A senior NSW police officer in charge of the Sydney siege has told an inquest he referred upwards because he thought the events at the Lindt Cafe were an act of terrorism.
Assistant NSW Police Commissioner Michael Fuller was in charge of the first two hours of the siege in December 2014 in which two hostages and gunman Man Haron Monis died.
The inquest heard the police response was at first a conventional one and included calling in negotiators, police snipers and setting up a command centre.
Assistant Commissioner Fuller said at first he did not know how many hostages were inside the cafe and he called in the Police Tactical Response Group.
“My feeling was that it was a high-risk situation and it would require a tactical response at the highest level,” he said.
He said police at first kept a “contain and negotiate” holding pattern on the situation because it gave them a chance to safely assess the situation.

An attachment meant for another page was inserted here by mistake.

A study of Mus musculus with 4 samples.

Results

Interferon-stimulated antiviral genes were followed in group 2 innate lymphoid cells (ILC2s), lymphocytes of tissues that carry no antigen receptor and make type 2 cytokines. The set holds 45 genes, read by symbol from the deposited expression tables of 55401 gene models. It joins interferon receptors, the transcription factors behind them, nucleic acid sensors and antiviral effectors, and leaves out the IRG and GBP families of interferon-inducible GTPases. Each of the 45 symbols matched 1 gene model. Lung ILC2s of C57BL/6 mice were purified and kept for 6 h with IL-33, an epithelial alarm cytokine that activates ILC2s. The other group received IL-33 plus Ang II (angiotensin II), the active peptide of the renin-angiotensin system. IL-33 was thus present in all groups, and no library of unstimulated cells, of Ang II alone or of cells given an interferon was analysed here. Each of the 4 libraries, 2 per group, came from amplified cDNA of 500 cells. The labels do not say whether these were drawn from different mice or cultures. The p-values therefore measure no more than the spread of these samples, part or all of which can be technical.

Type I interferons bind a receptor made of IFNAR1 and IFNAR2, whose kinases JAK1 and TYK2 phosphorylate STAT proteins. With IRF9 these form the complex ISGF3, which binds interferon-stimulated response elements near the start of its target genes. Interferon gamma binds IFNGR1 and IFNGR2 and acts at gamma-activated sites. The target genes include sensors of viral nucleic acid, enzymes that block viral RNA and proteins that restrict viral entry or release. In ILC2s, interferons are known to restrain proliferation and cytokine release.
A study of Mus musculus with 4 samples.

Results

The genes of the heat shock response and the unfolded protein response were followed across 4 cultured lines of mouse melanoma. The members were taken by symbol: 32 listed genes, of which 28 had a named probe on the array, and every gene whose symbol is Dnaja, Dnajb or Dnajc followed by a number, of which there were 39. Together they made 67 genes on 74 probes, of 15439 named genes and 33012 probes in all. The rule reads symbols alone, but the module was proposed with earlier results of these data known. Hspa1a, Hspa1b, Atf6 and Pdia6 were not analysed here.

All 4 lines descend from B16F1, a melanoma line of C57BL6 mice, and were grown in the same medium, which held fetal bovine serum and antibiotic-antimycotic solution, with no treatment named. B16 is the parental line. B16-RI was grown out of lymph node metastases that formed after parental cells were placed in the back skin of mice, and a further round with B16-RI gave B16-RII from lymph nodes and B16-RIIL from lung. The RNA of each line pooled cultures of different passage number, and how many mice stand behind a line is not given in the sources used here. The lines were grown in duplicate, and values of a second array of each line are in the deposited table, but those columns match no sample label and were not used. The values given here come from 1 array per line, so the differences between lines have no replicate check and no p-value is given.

“You interrogate the environment to work out what you are dealing with,” he said.
Siege had a ‘terrorist feel’
Assistant Commissioner Fuller said they had to determine if the siege was a “robbery gone wrong” or some other incident.
He said after around two hours he referred upwards because he had a gut feeling something was “seriously wrong” and the siege had a “terrorist feel” to it.
He said it was “not unreasonable” to think Monis had an explosive device with him.
Mr Fuller said he was also told during the first two hours of the siege that Monis had made threats about bombs planted in other parts of the Sydney CBD.
“I thought he was trying to create chaos – outside of the environment – not just inside,” he said.
Assistant Commissioner Fuller said he wanted to try to find out more about the gunman and asked for any council CCTV footage from Martin Place that might help.
He said seeing an Islamic flag held up at the cafe window by hostages also increased his belief the incident was an act of terrorism.
The inquest heard the siege was declared a terrorist act after around midday.
It also heard that NSW Police are still trying to have some of their evidence heard in closed court.
NSW coroner Michael Barnes is expected to hear their arguments for the closed court on Wednesday afternoon.